The Canal was built between 1836 and 1839 to provide a direct waterway between the Mersey and Irwell Navigation and the Rochdale Canal.  However, whilst the canal was being built, the Bridgewater Canal Company built Hulme Locks Branch Canal to provide a more convenient link from the Rochdale Canal to the River Irwell, and most of the planned trade for the Manchester and Salford Junction Canal failed to materialise.  It closed in 1922 and much of it now remains hidden underground.



0.625 miles

(1 km)

The length of the Manchester and Salford Junction Canal, most of it underground.  The Canal was used as an air raid shelter in World War II

7 locks

Three sets of locks were paired – including a double lock staircase.  This was the only duplicated staircase lock ever built in the UK.  The locks were 71′ 11″ (21.9m) x 14′ 4″ (4.4m) and were built to accommodate Mersey Flats.


The Great Northern Warehouse was built on top of the line of the canal in 1885 and a dock constructed for the interchange of goods. There were four large bays below the warehouse with two lift shafts so that goods from the boats using the canal could be raised directly up to the warehouse for storage.

Why the Canal Failed and its Future

In 1842 the Manchester & Salford Junction Canal was acquired by the Mersey & Irwell Navigation, which in turn was later acquired by the Bridgewater Trustees. As the trustees had no real use for the Canal due to the greater success of their own Hulme Lock link, the trade of the Manchester & Salford Junction Canal dwindled, mostly just serving the Great Northern Warehouse and adjacent rail links.  The canal was last used in 1922 and then abandoned for navigation under the 1936 Manchester Ship Canal Act.

During 1939 to 1940 the canal was drained and the majority of the tunnel (between Brunswick Basin and Watson Street) was converted into an air-raid shelter by Manchester Corporation, who took ownership of it in 1941.  In December 1940, nearly 500 tons of high explosive and nearly 2000 incendiaries were dropped on Manchester, resulting in the deaths of nearly 700 people and destroying, or severely damaging, many buildings. Further raids took place throughout the war, with shelters such as the adapted Canal being an important refuge.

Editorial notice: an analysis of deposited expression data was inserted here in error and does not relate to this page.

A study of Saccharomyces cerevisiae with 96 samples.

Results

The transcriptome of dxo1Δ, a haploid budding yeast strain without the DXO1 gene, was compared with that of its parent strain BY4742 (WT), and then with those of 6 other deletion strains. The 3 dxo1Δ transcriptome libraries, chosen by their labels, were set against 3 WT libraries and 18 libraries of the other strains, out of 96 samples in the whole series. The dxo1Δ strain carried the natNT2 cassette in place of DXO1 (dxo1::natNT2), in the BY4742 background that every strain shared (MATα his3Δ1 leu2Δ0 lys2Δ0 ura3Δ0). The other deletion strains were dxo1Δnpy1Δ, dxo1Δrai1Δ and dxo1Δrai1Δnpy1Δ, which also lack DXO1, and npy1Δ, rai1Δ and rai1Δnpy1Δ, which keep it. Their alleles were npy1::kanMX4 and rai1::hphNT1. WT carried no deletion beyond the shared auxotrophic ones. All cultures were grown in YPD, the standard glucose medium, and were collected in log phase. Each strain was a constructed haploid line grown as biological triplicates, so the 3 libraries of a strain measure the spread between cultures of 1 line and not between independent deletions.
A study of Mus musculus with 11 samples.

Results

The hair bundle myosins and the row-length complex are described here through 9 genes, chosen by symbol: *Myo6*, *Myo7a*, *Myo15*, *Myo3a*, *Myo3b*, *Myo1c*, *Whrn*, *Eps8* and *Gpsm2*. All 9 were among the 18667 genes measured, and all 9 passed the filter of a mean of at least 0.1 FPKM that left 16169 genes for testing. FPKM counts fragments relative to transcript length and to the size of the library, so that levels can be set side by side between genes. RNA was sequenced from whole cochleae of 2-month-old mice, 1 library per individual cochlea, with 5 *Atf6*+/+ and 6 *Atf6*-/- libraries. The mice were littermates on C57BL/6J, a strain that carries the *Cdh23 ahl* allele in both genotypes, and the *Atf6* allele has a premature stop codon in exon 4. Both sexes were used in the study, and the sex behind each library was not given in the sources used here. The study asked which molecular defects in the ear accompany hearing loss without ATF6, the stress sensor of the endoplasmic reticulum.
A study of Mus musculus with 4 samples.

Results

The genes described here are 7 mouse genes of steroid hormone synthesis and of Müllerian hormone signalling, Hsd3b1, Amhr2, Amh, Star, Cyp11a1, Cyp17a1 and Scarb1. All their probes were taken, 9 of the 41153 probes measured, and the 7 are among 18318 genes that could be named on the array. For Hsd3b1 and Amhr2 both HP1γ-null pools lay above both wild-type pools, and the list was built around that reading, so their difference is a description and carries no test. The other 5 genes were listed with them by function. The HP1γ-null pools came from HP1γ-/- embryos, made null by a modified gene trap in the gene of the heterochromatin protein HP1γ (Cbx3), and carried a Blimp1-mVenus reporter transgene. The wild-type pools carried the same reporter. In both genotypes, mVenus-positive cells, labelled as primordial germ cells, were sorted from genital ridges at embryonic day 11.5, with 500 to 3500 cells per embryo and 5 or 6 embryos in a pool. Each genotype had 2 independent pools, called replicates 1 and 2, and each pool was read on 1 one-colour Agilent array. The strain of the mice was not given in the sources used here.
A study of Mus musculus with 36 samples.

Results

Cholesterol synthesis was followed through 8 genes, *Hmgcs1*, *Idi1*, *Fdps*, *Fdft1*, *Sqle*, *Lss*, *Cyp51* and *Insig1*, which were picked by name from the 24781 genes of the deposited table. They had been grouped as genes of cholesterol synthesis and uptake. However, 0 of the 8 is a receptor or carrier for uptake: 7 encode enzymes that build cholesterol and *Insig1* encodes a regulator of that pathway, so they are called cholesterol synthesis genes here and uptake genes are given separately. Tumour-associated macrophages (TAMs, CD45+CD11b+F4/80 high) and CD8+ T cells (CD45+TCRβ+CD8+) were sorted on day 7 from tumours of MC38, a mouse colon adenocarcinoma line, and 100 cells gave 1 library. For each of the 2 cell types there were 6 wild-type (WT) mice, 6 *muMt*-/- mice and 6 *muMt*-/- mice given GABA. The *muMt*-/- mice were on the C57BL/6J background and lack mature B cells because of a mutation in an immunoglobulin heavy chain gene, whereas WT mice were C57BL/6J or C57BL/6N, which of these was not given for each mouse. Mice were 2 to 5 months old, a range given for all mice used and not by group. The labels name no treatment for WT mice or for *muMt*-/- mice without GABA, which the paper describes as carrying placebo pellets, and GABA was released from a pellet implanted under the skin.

[photo by Ian Taylor cc-by-sa/2.0]

The tunnel was divided into 16 bays separated by reinforced-brick, blast walls.  There were five entrance points: Grape Street, Lower Byrom Street, Byrom Street, Deansgate and Watson Street. The shelter was designed to accommodate up to 1350 people, although it usually accommodated 300 to 700 people, and contained warden’s posts and look-outs, two first-aid posts, chemical toilets, gas pipe handrails on the stairs, and gas-proof screens. Benches were provided and people brought their own bedding. The floor of the canal was raised slightly and a brick skin wall inserted to some sections to try and prevent damp.  A much-altered, additional chamber at the easternmost end of the tunnel section, beneath and beyond Watson Street, did not form par of the WWII air-raid shelter and incorporates an in-filled, formerly open-air reservoir and two truncated, brick, pump-engine housings(machinery now removed). It was also originally the site of the canal’s open-air, upper locks.

Most of the Canal is protected as a Grade II listed building, principally for its historic interest as use as an air raid shelter, and lies under buildings, including the Granada TV studios.  IWA Manchester Branch has arranged underground tours into the Canal and a Restoration Scoping Study was produced in 2016 to review the potential to restore the Canal.


[photo © Stephen Broadhead]

Waterway notes

Waterway underfunding

Hundreds of miles of waterways – along with their unique heritage and habitats – are currently starved of funding and rely on constant lobbying by us to safeguard their future.

Sustainable Boating

We want boating on canals and rivers to be more sustainable and – even though the current overall contribution to UK carbon emissions is very small – we want to help reduce emissions on the waterways.

Waterways Heritage at Risk

Britain’s canals and rivers are a unique, living heritage. But that heritage is at risk – from urban development, lack of protection, loss of skills and knowledge and climate change.

You can help Save Waterways Heritage.

Waterway restoration

Restoring the UK’s blue infrastructure – our inherited network of navigable canals and rivers – is good for people and places.